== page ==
Desperately seeking something

When healing stops you feeling

“So what excites you?”

It was a seemingly innocent question put to me by my money and manifestation coach, but it floored me. Why? Because I couldn’t answer. Not through embarrassment of sharing my wildest dreams or a penchant for a ridiculous pastime but because I literally had nothing to say. Nada. Nil points.

I realised with sudden clarity that, as part of the healing process, I’d put myself — my wants, desires, needs — into neutral as a means of self protection. To keep the focus on resting and restoring. Only trouble is, having cruised in auto-pilot for so long, I’d completely forgotten to take back the wheel. Somewhere along the line, I’d become so focused on reaching the destination (feeling better), I’d stopped enjoying the journey (actually feeling). Fear became the driving force behind most of my decisions.

They say depressed people don’t feel anything but a numbness. I can kind of relate. For me, it was more like I’d deliberately turned off a switch labelled ‘passion’ inside my head. I’d put all the things I used to enjoy, plus anything involving a bit of excitement, exertion or the general unknown into a box, sealed it up with ‘FRAGILE’ packing tape, and stored it in a far, far away part of my mind, gathering dust. Fun flatlined in my world.

At first, it wasn’t even a deliberate choice but a result of my physical health being impaired. When I had shooting pains in my fingers plus pins and needles in my hands (sadly no bells on my toes), I stopped illustrating and creating artwork. When I didn’t know how I’d be feeling from one day to the next, I couldn’t say yes to events as freely as I used to, so eventually the invites completely dried up. Which caused a confidence crises of sorts and began a self-fulfilling prophecy — only there was nothing fulfilling about it; just a low-level feeling of emptiness.

With your self belief in tatters, you start to live more comfortably in the void. By not putting yourself ‘out there’ you keep yourself shielded from judgement or criticism, which is hard to handle when you’re not well. And, because I already felt like I’d failed (in my career, at life, etc), I had to minimise the risk of failing at anything. EVER. AGAIN. By doing NOTHING.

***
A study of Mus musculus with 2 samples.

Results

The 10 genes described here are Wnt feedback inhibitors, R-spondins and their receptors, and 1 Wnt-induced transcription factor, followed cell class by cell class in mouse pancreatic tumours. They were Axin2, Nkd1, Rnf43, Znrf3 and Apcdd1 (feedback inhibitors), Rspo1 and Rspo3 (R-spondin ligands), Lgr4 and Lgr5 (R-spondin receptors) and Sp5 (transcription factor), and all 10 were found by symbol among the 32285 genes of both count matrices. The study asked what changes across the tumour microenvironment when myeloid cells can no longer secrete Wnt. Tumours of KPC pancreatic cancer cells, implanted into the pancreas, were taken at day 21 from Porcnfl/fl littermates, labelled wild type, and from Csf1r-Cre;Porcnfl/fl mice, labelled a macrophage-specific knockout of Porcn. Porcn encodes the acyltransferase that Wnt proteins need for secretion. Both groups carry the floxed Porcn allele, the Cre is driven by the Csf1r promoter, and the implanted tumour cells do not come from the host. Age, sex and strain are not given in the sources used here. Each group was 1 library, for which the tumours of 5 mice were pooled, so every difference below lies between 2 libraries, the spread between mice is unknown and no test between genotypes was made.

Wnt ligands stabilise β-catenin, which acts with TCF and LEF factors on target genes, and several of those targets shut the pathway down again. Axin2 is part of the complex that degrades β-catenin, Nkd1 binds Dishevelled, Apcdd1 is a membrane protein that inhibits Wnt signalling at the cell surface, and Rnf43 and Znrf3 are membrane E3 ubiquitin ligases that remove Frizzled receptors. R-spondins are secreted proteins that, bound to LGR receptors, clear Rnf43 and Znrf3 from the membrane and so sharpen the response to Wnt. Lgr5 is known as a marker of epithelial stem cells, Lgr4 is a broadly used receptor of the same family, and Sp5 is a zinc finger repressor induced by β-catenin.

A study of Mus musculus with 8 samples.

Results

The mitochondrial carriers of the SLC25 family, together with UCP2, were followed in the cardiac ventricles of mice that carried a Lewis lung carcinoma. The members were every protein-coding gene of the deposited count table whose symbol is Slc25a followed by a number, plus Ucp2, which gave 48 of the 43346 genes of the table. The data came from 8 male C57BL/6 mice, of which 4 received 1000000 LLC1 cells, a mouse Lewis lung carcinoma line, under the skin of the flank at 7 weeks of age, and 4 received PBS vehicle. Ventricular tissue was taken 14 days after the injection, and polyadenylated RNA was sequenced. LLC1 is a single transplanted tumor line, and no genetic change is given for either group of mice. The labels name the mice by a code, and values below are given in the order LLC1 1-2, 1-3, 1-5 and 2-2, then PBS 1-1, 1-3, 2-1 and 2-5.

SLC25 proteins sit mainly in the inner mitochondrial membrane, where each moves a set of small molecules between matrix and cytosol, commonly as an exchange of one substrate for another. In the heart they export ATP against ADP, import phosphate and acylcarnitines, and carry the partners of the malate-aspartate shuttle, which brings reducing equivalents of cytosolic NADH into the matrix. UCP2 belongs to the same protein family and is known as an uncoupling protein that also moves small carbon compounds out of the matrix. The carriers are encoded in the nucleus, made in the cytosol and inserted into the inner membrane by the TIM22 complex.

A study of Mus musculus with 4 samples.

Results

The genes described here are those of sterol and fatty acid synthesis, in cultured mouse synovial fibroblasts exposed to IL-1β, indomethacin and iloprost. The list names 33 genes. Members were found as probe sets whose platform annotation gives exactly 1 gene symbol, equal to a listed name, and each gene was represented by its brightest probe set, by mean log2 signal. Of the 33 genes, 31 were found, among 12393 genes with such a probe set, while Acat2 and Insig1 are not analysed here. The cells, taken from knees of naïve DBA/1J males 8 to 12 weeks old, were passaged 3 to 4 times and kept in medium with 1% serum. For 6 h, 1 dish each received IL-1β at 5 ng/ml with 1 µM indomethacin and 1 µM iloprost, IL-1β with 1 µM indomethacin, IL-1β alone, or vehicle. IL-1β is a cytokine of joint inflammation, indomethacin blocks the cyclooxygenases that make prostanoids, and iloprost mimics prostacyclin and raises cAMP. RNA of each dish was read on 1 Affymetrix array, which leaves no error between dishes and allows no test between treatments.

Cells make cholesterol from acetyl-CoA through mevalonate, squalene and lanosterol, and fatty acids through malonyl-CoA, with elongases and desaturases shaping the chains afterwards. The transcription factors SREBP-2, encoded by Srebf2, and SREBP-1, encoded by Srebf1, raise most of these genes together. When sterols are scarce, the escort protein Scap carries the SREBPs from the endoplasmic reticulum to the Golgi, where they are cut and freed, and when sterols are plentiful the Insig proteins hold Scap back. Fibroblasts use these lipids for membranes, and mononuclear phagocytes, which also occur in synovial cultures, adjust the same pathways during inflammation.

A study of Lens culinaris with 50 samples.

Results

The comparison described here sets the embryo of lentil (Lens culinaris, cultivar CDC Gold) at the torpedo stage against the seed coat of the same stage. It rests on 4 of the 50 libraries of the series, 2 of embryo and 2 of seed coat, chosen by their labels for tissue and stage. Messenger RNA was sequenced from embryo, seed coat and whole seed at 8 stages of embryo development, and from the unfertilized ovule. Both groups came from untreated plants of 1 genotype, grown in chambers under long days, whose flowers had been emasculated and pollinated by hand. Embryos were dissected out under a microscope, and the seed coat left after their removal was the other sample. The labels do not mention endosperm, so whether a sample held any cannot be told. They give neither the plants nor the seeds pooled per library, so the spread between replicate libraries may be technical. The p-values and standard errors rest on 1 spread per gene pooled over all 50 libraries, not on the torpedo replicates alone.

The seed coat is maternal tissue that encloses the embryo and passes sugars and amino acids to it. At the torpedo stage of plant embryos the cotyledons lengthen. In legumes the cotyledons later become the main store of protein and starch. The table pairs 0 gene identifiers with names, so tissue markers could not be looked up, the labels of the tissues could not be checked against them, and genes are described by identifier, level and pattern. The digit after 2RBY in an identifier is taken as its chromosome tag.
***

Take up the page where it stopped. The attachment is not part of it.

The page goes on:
But I kept myself contained in a catatonic cocoon for so long the flames of passion and general giving-a-fuck were firmly extinguished.

I found myself no longer having an opinion — on anything. A tactic which helped to keep the overwhelm at bay (when at its worst I’d be paralysed with indecision over which bunch of bananas to choose in the supermarket — and not just because I’m a Libra).

It also pandered to the people-pleasing aspect of my personality. When you’re already feeling like such a burden, such a flake, you just want everyone to like you and to be happy in your company. To not be a Negative Nancy. Them: “Where do you want to go for dinner?” Me: “Anywhere, you choose!” Them: “What do you want to eat?” “I don’t mind, I’ll eat anything!”

I’d started to let life happen to me rather than living. I was merely existing. In my mind, if I kept myself small and didn’t get too big for my boots, there’d be less to lose if I fell ill again. Pretty fucked up, isn’t it? It meant there was very little joy in my day-to-day life, and that, my friends, is extremely loooow vibe. Which meant, in turn, I was attracting more dull energy back into my life. Doing — being — nothing had become my new normal. A safety shield for avoiding the muck slung at me by daily life.

But I’ve been doing the work. The Work. All the introspection. The reprogramming of my mindset. And recently — finally! — I’ve experienced a shift. I’m well aware of the fear-driven emptiness and I want to find my fire again. I want to answer “what excites you?” without hesitation, and have a long list of responses. I want to move on from being burnt out to being LIT.

So I’m walking away from fear; previously my default setting. It’s like I’m awakening from a comatose state and fully integrating back into life. But I have to consciously choose to lean into joy. And this isn’t about saying yes to every opportunity which comes my way, oh no. It’s about doing what feels good. I’ve walked away from well-paid work opportunities this year because the energy was all off. And in the long run? It’s opened up better opportunities, more closely aligned with what makes me tick.

I’ve started to realise I am solely responsible for creating my ‘vibe’ — and whatever vibration frequency I’m emitting out to the Universe, I’ll get more of the same in return. So from now on in, my measure for success is how much joy I’m feeling. And while I’ll acknowledge the pain from my past, I no longer let it define who I am today. 

I’m finally starting to feel feelings again. But only the fun ones get to stay.